Centuries-old culture perfectly blends with cutting-edge technology in Japan’s capital, Tokyo. And, as one of the world’s most popular cities, Tokyo has plenty to boast about. Just look at its skyline alone! In this guide, we look at some of Tokyo’s most iconic buildings:
Iconic buildings in Tokyo
Asakusa Culture and Tourism Center
The Asakusa Culture and Tourism Center was designed by Kengo Kuma & Associates and built in 2012. The impressive structure houses a tourist information centre, conference room, multi-purpose hall and exhibition space. Alongside an information desk, free guided tours and currency exchange, the 8 storey building features a covered rooftop observation deck which offers the best views of Sensoji Temple’s Kaminarimon, another of Tokyo’s iconic structures. Exhibitions and cultural events are regularly held here.
Mode Gakuen Cocoon Tower
Mode Gakuen Cocoon Tower is a 50 storey educational facility located in the Nishi-Shinjuku district of Tokyo. To build its new location, Mode Gakuen made an open call for local architects to send in their design pitches. They picked Tange Associates (out of some 150 candidates) who chose a cocoon shape to symbolise the nurturing of students inside, the impressive structure was completed in 2008 and has received several awards since. It is currently the second-tallest educational building in the world.
Nakagin Capsule Tower
Built in the Ginza area of Tokyo in 1972 in just 30 days, the Nakagin Capsule Tower was the first capsule architecture design of its kind. The structure consists of two towers that support 140 prefabricated capsules (measuring 2.5m by 4m) which were designed to provide a better housing option for travelling businessmen. Each capsule is a self-contained apartment that is attached to the reinforced concrete construction using high-tension bolts.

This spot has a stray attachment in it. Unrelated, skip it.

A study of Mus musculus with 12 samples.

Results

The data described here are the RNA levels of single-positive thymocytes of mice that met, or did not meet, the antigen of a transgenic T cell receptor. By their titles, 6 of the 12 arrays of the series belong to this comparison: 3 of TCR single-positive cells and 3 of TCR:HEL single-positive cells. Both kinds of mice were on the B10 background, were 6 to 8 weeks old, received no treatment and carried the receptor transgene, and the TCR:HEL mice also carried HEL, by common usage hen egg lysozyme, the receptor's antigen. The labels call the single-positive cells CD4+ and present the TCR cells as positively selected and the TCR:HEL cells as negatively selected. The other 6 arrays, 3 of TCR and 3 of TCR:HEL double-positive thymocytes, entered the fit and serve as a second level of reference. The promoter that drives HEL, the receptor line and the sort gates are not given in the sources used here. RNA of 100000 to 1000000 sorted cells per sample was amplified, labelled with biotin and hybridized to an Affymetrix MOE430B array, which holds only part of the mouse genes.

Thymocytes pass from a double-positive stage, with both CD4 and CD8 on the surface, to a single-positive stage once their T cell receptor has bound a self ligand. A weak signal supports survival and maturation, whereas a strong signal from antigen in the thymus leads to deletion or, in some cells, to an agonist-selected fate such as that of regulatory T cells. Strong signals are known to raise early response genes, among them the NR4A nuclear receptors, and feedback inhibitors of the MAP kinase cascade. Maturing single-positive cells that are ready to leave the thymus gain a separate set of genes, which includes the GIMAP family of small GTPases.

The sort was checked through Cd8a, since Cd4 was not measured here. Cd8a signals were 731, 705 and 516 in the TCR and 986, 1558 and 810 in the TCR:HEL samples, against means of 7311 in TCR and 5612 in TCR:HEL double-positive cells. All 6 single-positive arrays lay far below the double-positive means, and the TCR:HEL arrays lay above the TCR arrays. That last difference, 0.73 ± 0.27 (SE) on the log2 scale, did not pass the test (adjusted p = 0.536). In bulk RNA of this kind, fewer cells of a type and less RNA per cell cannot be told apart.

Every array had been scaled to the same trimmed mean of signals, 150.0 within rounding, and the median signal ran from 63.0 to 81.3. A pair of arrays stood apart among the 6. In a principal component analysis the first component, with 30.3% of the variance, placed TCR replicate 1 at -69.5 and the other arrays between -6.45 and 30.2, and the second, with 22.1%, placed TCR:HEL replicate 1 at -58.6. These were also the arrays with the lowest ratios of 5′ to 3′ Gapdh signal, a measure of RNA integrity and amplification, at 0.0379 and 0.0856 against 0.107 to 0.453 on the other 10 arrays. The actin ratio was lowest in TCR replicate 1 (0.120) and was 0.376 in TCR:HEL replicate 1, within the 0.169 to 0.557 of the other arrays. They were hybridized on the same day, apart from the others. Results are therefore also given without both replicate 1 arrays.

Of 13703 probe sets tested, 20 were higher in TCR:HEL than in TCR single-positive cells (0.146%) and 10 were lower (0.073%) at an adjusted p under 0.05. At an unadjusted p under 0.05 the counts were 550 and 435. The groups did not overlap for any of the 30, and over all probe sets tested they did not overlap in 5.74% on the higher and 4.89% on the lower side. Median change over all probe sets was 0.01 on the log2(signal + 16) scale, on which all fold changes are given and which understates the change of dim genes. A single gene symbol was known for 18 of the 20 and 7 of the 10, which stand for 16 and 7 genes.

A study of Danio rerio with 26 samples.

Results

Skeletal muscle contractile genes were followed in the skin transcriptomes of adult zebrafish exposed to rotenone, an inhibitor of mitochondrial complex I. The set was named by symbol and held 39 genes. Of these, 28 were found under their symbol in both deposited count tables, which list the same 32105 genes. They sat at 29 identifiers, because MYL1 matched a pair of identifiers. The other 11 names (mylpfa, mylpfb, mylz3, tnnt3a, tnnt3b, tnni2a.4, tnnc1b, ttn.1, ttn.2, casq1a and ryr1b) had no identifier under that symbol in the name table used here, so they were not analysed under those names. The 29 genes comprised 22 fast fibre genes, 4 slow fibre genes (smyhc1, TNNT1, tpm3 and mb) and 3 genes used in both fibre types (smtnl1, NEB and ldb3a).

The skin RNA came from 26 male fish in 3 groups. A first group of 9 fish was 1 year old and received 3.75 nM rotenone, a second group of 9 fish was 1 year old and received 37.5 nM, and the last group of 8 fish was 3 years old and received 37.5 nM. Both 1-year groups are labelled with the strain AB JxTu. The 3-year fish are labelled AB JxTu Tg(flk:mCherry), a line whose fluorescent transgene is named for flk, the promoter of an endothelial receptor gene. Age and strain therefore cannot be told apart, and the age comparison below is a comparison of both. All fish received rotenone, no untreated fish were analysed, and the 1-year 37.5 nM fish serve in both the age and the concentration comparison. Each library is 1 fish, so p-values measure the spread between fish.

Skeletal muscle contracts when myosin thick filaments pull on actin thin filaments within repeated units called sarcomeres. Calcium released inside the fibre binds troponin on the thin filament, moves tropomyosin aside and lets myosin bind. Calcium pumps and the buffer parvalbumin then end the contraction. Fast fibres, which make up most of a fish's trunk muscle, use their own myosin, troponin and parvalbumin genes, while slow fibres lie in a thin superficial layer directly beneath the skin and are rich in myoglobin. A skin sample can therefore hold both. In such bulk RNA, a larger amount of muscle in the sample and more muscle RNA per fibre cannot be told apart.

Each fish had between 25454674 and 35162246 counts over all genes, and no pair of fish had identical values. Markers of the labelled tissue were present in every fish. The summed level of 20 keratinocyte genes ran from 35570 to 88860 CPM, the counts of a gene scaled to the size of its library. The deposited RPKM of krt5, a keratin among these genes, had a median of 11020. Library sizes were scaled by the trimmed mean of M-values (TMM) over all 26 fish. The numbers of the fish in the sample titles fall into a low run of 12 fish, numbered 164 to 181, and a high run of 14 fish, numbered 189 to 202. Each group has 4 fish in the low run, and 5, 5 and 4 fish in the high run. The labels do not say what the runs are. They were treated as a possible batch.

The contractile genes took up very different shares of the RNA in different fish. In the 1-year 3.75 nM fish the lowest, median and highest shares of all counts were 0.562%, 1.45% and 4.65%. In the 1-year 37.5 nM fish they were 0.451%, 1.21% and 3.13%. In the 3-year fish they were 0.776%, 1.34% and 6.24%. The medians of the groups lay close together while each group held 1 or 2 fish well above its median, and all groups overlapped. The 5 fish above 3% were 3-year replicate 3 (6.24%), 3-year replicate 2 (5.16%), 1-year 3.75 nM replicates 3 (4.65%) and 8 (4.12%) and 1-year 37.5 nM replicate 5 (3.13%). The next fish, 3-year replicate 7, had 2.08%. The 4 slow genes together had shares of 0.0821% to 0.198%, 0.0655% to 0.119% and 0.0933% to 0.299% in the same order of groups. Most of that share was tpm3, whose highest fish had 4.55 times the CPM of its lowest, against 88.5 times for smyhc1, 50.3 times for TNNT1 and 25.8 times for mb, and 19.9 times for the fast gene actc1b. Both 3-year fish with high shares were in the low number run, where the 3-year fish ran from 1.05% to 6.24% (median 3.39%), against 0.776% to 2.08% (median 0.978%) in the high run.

Located midway between Harajuku and Shibuya on Meiji Dori, The Iceberg is one of Tokyo’s most interesting structures. CDI, the designer of The Iceberg, which was formerly the Audi Forum and is now a WeWork space, stated the inspiration for the unusual design was based on a crystal iceberg and a plastic bottle after going through a shredder. Three types of glass in different hues of blue were used to create the structure which also features an angular facade to give it a three-dimensional quality.
First appearing on Tokyo’s skyline in 2008, this broadcasting tower is located in the Sumida City Ward of Tokyo. The Tokyo Skytree features a large shopping complex with over 300 restaurants and shops, an aquarium, a postal museum and a planetarium at its base as well as two observation decks, Tembo Deck and Tembo Gallery, which provide spectacular views across the city. At Tembo Gallery, there is a steel and glass tube that allows you to look down over the Kanto Region. Impressive!
Despite being stripped of its status as Japan’s tallest building by the Tokyo Skytree, Tokyo Tower remains iconic. Its red and white latticed form, which was modelled on the Eiffel Tower, is a symbol of the country’s post-war thrust into modernity and can be seen from miles around the city. The tower, which is 332 metres tall, serves as a tourist viewing platform complete with cafes, restaurants and even an aquarium.